Mother’s Day is more than just cards, chocolates, and flowers; it’s a celebration of maternal love. Take a look at how different countries have commemorated mothers throughout history.
To see the riot of floral colors and arrangements, the abundance of store and media advertisements, and the secretive smiles that accompany the frenzy of scholastic activity preceding Mother’s Day, it would be easy to assume that the celebration is a combined invention of florists, super malls, and school art teachers.
Nothing could be further from the truth. Mother’s Day is a time-honored tradition, with roots as ancient as the spring celebrations of Ancient Greece, Rome, and Egypt. This holiday is devoted to celebrating the one woman whose unconditional love and caring has equaled none other on the planet.
On this occasion, children and adults around the world take the time to revere, pay tribute to, and give gifts to their mothers. These offerings range from clumsily designed, homemade tokens enveloped in love, to breakfast in bed cooked by the kids, to elaborate gifts wrapped with the equally sure intention of pleasing their recipient.
Perhaps more than any other holiday, Mother’s Day transcends time, space, and religious barriers. While it is celebrated on different dates and in various ways around the globe, it is rendered unique by the fact that the entire world celebrates the expression of the simple yet all-encompassing love between a mother and her child.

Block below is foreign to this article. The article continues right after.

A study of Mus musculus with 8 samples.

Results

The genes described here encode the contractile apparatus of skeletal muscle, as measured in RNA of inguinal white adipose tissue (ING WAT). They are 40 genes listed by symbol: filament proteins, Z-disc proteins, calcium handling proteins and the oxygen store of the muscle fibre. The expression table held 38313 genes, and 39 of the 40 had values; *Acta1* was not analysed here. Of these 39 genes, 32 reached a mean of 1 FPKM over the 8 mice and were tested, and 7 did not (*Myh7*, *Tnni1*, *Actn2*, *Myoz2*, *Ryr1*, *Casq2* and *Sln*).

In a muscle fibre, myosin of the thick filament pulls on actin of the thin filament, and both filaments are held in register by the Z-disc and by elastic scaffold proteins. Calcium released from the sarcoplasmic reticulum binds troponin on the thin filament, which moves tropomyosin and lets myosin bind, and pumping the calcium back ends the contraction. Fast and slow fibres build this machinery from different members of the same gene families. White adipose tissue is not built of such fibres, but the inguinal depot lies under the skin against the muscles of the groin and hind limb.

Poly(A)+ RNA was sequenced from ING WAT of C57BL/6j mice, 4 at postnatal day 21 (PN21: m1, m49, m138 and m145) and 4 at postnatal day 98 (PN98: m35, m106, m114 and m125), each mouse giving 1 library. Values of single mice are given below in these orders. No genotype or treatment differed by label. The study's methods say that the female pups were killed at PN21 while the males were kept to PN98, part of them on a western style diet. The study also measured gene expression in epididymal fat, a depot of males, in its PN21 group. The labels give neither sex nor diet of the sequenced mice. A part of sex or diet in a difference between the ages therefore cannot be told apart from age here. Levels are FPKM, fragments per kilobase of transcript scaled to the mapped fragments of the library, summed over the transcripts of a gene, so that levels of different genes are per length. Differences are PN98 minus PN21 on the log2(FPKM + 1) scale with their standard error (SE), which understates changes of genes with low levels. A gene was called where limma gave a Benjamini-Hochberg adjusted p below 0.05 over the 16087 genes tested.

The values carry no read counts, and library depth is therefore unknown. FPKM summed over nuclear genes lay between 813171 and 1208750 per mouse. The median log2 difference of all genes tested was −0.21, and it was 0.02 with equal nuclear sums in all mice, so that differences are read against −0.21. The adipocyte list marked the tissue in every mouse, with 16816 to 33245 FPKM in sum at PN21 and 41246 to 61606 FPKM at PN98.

Anna M. Jarvis (1864-1948) is credited with originating the Mother’s Day holiday in the United States. The ninth of 11 children born to Ann Marie Reese Jarvis and Granville Jarvis, Anna herself never married.
Anna was extremely attached to her mother, a minister’s daughter, who for 20 years taught Sunday school in the Andrews Methodist Church of Grafton, West Virginia. As a young girl, Anna often heard her mother express the hope that someday, a memorial would be established for all mothers, living and dead, “Commemorating her for the matchless service she renders to humanity in every field of life. She is entitled to it.”
Jarvis’s mother died in Philadelphia in May 1905. Left alone by her mother’s grave, with her blind sister Elsinore and her brother Claude, Anna vowed that her mother would have that Mother’s Day. She sorely missed the close bond she’d shared with her mom.
Two years after her mother’s death, Anna and her friends launched an intense letter-writing campaign to gain the support of influential clergy, businessmen, and congressmen in declaring a national Mother’s Day, and fulfilling her deceased mother’s wish. She hoped that the celebration would increase respect for parents and strengthen family bonds.